Just ahead of our post-election Tale for Our Time – a tale that gets more unnervingly timely with every day – let me put in a word for our complementary entertainment at the other end of the day: the audio version of The Mark Steyn Show, whose latest edition marks the final hours of the Trump Administration. I’m delighted that some folks appreciate both, as a spot of elevenses and an audio Ovaltine at bedtime.
Meanwhile, Doug Lauder, a First Month Founding Member of The Mark Steyn Club from South Carolina, is effusive about our new serialization of George Orwell’s Nineteen Eighty-Four:
The total production, written introductions, one man Broadway narration, best of member comments, could be packaged on a memory stick, and sold for $49.95. Rush and Tucker would deliver adds, no graduating high school senior should be without it.
If you say so, Doug. As I understand it, every available memory stick in America is filled up with surplus Biden votes from Wayne County, and the computer stores say any new ones are on backorder from the SinoMemory factory in Wuhan.
By the way, “memory stick” is a term Orwell would have loved.
In tonight’s episode of Nineteen Eighty-Four, Winston Smith ventures into a pub frequented by proles and beards a stooped and wizened gaffer ancient enough to remember life before the Revolution:
‘You are very much older than I am,’ said Winston. ‘You must have been a grown man before I was born. You can remember what it was like in the old days, before the Revolution. People of my age don’t really know anything about those times. We can only read about them in books, and what it says in the books may not be true. I should like your opinion on that. The history books say that life before the Revolution was completely different from what it is now. There was the most terrible oppression, injustice, poverty worse than anything we can imagine. Here in London, the great mass of the people never had enough to eat from birth to death. Half of them hadn’t even boots on their feet. They worked twelve hours a day, they left school at nine, they slept ten in a room. And at the same time there were a very few people, only a few thousands–the capitalists, they were called–who were rich and powerful. They owned everything that there was to own. They lived in great gorgeous houses with thirty servants, they rode about in motor-cars and four-horse carriages, they drank champagne, they wore top hats—-‘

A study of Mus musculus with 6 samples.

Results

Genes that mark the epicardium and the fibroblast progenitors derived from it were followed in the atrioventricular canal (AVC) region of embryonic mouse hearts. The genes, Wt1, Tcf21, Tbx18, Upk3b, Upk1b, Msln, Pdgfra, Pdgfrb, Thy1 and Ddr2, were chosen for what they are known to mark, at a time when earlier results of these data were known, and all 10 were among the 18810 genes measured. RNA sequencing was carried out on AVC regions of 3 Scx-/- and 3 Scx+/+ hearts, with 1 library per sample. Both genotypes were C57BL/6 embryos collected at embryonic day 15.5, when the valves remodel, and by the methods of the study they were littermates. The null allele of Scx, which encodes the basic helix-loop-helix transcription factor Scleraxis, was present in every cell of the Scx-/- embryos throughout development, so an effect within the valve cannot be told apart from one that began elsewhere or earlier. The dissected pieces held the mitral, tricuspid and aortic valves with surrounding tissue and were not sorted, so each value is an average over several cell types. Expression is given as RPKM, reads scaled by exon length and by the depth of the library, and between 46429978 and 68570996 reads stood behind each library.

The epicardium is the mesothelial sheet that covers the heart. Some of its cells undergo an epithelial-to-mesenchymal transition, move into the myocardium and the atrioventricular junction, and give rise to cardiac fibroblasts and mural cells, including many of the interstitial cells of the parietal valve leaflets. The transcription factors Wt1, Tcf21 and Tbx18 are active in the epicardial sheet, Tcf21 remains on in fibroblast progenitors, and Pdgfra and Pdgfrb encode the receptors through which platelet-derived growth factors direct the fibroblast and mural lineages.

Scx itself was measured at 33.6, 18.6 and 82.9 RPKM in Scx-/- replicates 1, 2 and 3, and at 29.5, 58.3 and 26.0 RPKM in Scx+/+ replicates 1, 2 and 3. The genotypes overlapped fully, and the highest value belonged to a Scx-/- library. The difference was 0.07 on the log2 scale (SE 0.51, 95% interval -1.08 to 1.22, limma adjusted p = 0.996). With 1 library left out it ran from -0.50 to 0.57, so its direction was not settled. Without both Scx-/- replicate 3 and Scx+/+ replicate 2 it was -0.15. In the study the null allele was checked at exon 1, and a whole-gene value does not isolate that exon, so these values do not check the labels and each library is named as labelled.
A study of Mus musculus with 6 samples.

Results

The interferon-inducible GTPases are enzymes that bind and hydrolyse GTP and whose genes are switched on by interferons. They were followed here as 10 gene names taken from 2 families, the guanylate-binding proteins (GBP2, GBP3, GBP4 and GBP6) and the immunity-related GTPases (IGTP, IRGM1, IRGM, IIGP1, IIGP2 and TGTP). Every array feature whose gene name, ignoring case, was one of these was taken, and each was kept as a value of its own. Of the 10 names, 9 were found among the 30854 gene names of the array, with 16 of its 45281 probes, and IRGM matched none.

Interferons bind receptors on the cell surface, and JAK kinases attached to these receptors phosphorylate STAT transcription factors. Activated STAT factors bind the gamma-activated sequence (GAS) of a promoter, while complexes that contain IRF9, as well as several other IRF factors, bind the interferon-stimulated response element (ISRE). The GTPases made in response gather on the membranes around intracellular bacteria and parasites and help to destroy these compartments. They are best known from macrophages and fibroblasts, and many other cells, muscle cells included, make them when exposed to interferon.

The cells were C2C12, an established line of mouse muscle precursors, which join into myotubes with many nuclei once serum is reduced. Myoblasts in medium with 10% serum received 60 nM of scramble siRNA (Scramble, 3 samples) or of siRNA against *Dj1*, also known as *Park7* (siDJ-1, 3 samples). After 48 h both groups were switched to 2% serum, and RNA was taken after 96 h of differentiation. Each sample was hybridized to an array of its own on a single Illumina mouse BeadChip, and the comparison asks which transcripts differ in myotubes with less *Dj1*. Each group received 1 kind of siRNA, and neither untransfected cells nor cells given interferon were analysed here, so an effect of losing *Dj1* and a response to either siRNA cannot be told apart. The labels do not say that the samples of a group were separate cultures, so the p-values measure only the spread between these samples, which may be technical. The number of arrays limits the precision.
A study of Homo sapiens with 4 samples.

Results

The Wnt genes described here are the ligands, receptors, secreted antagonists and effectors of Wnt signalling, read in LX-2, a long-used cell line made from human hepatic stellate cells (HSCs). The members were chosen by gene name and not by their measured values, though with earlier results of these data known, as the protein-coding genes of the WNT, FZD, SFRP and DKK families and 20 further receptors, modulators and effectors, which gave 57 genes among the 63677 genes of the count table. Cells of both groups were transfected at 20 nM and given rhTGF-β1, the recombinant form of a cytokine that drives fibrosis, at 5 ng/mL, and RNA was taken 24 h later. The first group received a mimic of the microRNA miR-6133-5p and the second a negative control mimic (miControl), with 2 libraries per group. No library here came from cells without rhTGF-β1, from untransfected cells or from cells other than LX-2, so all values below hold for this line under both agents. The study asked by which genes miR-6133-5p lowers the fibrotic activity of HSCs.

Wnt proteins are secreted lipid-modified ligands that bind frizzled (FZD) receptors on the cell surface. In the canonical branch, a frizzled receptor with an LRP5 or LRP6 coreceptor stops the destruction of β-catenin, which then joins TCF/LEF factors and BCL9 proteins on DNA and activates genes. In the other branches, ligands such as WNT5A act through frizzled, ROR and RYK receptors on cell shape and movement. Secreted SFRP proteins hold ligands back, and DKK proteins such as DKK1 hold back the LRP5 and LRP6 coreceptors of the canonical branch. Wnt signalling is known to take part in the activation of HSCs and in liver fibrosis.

The old man brightened suddenly.
‘Top ‘ats!’ he said. ‘Funny you should mention ’em. The same thing come into my ‘ead only yesterday, I dono why. I was jest thinking, I ain’t seen a top ‘at in years. Gorn right out, they ‘ave. The last time I wore one was at my sister-in-law’s funeral. And that was–well, I couldn’t give you the date, but it must’a been fifty years ago. Of course it was only ‘ired for the occasion, you understand.’
‘It isn’t very important about the top hats,’ said Winston patiently. ‘The point is, these capitalists…’
But he is to learn that getting people to think of their lives in political ways is trickier than he thought. Members of The Mark Steyn Club can hear this latest installment of our tale simply by clicking here and logging-in.
You can enjoy Nineteen Eighty-Four episode by episode, night by night, twenty minutes before you lower your lamp. Or, alternatively, do feel free to binge-listen: you can find all the earlier instalments here.
If you’ve yet to hear any of our first forty-five Tales for Our Time, you can do so by joining The Mark Steyn Club. Or, if you need an extra-special present for someone, why not give your loved one a Gift Membership and start him or her off with almost four dozen cracking yarns? And please join us tomorrow for another episode of Nineteen Eighty-Four.